A zero-day vulnerability (and PoC) to blind defenses relying on Windows event logs

A zero-day vulnerability that, when triggered, could crash the Windows Event Log service on all supported (and some legacy) versions of Windows could spell trouble for enterprise defenders.

Windows Event Log vulnerability

Discovered by a security researcher named Florian and reported to Microsoft, the vulnerability is yet to be patched. In the meantime, the researcher has gotten the go-ahead from the company to publish a PoC exploit.

The vulnerability and the PoC

Florian found the bug while working on a fuzzer, which he used to analyze the Event Log RPC (Remote Procedure Call) interface for vulnerabilities and to detect a crash in the ElfrRegisterEventSourceW function of the MS-EVEN RPC interface.

“To avoid having to deal with the low level details of the RPC protocol/interface, I looked for a higher level API that would generate the ElfrRegisterEventSourceW RPC call under the hood. This is how I came across the RegisterEventSourceW function, which I then used in my PoC,” he told Help Net Security.

Apart from developing a proof of concept, he hasn’t put much more research into the vulnerability, he said. “I have only tested the whole thing a few times in a domain network consisting of a Windows 10 machine and a Windows Server 2022 domain controller. I was able to crash the event log service of the domain controller as an unprivileged user from the Windows 10 machine, and that was about it.”

But he shared vulnerability details with Acros Security CEO Mitja Kolsek and his colleagues, who performed additional testing and confirmed that Florian’s PoC also works on Windows 11.

“[The] PoC is remarkably simple: it makes a single call to RegisterEventSourceW, which retrieves a handle to an event log on the specified computer,” Kolsek explained.

“However, before the request is sent to the target computer, the PoC modifies its in-memory structure to confuse the receiving Event Log service. It manages to confuse it so much to cause a null-pointer dereference and crash the service. The attack only takes a second and works reliably.”

The Windows Event Log service

While testing the PoC, the Acros team found that the Windows Event Log service will restart after two crashes, but not after a third one.

The team found that while the service is down, Security and System events (but not Application events) will be put in an event queue so they can be written in the logs when the service restarts.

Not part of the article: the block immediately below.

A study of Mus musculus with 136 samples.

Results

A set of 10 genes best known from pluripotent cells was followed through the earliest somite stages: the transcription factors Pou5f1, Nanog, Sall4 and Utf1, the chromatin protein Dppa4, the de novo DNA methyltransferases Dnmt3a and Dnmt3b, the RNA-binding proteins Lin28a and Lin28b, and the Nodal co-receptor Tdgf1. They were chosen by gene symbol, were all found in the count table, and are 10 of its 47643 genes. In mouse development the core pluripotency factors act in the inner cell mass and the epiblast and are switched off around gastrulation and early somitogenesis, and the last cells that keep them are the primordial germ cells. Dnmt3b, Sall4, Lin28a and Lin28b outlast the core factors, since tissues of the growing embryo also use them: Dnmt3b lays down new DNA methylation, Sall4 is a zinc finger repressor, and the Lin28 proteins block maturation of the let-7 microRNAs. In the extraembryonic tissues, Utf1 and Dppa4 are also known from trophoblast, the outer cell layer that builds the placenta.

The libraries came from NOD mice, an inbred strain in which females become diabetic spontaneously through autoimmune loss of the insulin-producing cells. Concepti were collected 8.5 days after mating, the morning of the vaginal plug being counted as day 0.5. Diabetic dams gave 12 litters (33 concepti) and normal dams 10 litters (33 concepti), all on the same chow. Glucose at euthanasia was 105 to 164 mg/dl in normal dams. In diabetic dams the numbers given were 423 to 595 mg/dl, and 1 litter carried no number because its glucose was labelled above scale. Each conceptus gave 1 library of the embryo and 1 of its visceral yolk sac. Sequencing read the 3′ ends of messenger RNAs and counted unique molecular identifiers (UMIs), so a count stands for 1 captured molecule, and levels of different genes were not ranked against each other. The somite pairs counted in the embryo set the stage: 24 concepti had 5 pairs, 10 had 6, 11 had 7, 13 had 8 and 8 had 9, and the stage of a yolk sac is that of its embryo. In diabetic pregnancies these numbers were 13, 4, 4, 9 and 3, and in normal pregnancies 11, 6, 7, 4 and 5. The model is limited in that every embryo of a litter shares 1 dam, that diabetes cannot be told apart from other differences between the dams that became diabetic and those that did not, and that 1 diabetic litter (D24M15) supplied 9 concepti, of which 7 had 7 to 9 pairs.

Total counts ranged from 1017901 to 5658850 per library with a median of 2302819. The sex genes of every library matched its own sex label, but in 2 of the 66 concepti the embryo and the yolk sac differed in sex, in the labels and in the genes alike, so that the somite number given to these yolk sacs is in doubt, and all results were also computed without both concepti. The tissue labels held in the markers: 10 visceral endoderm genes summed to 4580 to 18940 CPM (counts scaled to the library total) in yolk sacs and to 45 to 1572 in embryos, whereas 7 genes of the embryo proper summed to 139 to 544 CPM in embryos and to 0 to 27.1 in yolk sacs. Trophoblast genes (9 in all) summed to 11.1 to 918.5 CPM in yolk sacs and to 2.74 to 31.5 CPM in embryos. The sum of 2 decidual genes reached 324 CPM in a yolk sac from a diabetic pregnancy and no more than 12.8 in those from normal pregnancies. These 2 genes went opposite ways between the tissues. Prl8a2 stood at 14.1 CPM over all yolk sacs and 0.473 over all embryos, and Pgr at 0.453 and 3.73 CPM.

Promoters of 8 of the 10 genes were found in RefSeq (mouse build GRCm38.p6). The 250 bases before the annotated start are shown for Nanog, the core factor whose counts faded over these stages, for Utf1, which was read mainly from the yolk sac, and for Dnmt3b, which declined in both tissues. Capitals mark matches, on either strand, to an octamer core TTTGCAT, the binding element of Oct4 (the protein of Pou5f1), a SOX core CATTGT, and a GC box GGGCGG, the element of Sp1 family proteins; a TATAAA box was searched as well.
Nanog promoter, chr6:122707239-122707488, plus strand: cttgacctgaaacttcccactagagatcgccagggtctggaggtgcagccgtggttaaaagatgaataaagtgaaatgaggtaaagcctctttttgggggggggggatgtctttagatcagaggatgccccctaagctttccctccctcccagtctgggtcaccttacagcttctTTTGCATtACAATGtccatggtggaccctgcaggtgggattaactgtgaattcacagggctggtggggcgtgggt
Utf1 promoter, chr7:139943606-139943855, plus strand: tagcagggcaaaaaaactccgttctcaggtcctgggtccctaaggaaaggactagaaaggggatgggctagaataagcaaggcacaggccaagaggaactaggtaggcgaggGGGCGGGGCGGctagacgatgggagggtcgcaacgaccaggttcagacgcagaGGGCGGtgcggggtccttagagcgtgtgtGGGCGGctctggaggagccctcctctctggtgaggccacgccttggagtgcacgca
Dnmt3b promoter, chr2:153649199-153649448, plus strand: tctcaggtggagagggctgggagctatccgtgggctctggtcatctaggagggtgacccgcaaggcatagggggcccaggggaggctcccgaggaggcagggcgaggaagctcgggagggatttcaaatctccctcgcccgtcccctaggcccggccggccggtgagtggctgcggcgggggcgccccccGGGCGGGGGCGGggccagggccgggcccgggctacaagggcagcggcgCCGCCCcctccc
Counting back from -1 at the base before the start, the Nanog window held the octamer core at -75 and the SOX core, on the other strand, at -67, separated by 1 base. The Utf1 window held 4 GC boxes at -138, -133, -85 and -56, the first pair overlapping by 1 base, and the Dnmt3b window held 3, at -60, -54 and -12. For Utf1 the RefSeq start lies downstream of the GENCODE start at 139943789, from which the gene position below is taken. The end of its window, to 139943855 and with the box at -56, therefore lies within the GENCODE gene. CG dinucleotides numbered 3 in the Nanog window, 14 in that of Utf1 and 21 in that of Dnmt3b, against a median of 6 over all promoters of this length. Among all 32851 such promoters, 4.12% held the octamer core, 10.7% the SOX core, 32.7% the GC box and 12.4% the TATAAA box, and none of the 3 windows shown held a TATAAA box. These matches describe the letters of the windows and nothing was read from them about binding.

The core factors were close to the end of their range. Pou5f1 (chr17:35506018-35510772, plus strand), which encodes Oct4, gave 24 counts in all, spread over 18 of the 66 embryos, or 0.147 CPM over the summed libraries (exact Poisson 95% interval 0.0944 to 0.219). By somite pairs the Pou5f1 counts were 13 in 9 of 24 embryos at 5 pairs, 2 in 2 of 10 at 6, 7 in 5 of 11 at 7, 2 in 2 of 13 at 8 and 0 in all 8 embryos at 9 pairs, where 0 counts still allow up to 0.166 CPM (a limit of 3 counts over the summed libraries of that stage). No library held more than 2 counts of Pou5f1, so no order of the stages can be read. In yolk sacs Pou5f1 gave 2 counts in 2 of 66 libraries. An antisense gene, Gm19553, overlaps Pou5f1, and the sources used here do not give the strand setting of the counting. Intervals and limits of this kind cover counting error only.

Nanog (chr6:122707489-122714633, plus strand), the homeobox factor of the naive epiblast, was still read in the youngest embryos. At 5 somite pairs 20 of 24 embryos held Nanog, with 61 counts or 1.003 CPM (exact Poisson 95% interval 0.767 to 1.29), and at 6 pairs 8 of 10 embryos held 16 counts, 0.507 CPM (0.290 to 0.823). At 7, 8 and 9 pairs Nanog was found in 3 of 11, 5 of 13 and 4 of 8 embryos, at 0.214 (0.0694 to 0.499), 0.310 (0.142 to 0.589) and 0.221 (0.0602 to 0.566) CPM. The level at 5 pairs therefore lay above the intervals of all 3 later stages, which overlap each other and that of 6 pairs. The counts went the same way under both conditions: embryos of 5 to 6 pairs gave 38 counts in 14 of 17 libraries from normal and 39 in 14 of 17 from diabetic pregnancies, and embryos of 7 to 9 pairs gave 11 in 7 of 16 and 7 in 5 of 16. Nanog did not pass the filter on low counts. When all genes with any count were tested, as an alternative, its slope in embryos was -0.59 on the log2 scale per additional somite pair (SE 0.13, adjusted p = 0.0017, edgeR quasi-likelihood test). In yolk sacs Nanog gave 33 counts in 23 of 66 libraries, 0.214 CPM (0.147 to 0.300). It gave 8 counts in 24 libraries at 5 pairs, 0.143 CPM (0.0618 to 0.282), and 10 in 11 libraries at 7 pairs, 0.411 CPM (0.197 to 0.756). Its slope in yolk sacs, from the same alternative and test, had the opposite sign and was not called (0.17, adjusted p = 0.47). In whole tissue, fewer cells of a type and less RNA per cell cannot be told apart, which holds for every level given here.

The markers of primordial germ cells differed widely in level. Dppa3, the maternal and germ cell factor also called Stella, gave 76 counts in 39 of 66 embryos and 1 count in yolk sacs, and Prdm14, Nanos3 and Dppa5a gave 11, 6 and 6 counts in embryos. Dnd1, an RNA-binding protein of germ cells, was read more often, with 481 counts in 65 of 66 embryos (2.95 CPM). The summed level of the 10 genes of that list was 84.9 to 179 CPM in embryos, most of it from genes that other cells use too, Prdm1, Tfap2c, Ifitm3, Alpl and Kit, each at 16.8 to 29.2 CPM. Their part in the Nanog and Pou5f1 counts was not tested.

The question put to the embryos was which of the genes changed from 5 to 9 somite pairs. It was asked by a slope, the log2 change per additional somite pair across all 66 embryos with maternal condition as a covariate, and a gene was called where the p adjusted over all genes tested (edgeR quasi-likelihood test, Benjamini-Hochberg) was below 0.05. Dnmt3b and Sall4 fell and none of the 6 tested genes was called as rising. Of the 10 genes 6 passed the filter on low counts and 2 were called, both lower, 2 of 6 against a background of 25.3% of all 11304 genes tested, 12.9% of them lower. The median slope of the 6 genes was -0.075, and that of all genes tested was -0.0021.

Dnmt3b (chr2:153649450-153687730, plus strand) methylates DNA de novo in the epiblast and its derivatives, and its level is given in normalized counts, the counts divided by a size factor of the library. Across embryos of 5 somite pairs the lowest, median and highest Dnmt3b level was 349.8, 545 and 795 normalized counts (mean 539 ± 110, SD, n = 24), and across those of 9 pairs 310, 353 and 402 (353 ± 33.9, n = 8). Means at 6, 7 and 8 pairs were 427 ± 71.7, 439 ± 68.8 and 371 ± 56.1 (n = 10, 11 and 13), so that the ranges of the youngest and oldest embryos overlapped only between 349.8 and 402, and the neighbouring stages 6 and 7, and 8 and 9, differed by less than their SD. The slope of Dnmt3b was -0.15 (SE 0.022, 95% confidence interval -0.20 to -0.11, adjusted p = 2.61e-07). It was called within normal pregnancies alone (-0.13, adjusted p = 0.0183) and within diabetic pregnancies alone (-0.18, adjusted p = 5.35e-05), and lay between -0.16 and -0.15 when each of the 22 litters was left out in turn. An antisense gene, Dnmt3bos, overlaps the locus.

But this will only happen if an admin restarts the computer “gracefully”. “If the attacker manages to cause a blue screen on the computer where events are being stored in the event queue, these events will actually be irrecoverably lost,” Kolsek noted.

This “EventLogCrasher” vulnerability might not allow remote code execution or elevation of privilege, but it may provide much-needed stealthiness.

“During the service downtime, any detection mechanisms ingesting Windows logs will be blind, allowing the attacker to take time for further attacks – password brute-forcing, exploiting remote services with unreliable exploits that often crash them, or running every attacker’s favorite whoami – without being noticed,” Kolsek pointed out.

“Knowing that the ‘dark times’ can soon end when some admin decides to restart machines or start the Event Log service, a clever attacker could simply run the PoC in a never-ending loop to make sure that as soon as the Event Log service is back up, it gets crashed again. It would be really difficult for an admin to even know that it was an attacker crashing the service, as we all know computer things often stop working unexpectedly even without malicious assistance.”

Micropatches are available

The vulnerability can easily be exploited locally, but for a remote attacker to be able to leverage the PoC they must be able to connect to the target computer via SMB and be able to authenticate to it.

“Unless you can afford to completely disable SMB – no network shares, no printers, no many other things – we don’t believe you can configure Windows to prevent this attack from an attacker in your network,” Kolsek stated.

“Internet-facing Windows computers are unlikely to have SMB connectivity open to the Internet, and Windows computers in local networks even less so. The attacker must therefore already be in the local network.”

The vulnerability would be useful for an attacker who has gained access to, for example, a workstation in a Windows network as a regular low privileged user, he told Help Net Security.

“If the company is using intrusion detection based on Windows event logs, an attacker making multiple attempts to login as another domain user might trigger alerts. Disabling the Event Log service would prevent such real-time detection.”

Until Microsoft ships a patch, users looking to plug this security hole can implement a micropatch provided by Acros via its 0patch agent. Micropatches have been provided for various releases of Windows 11, 10 and 7, and Windows Server 2022, 2019, 2016, 2021, and 2008.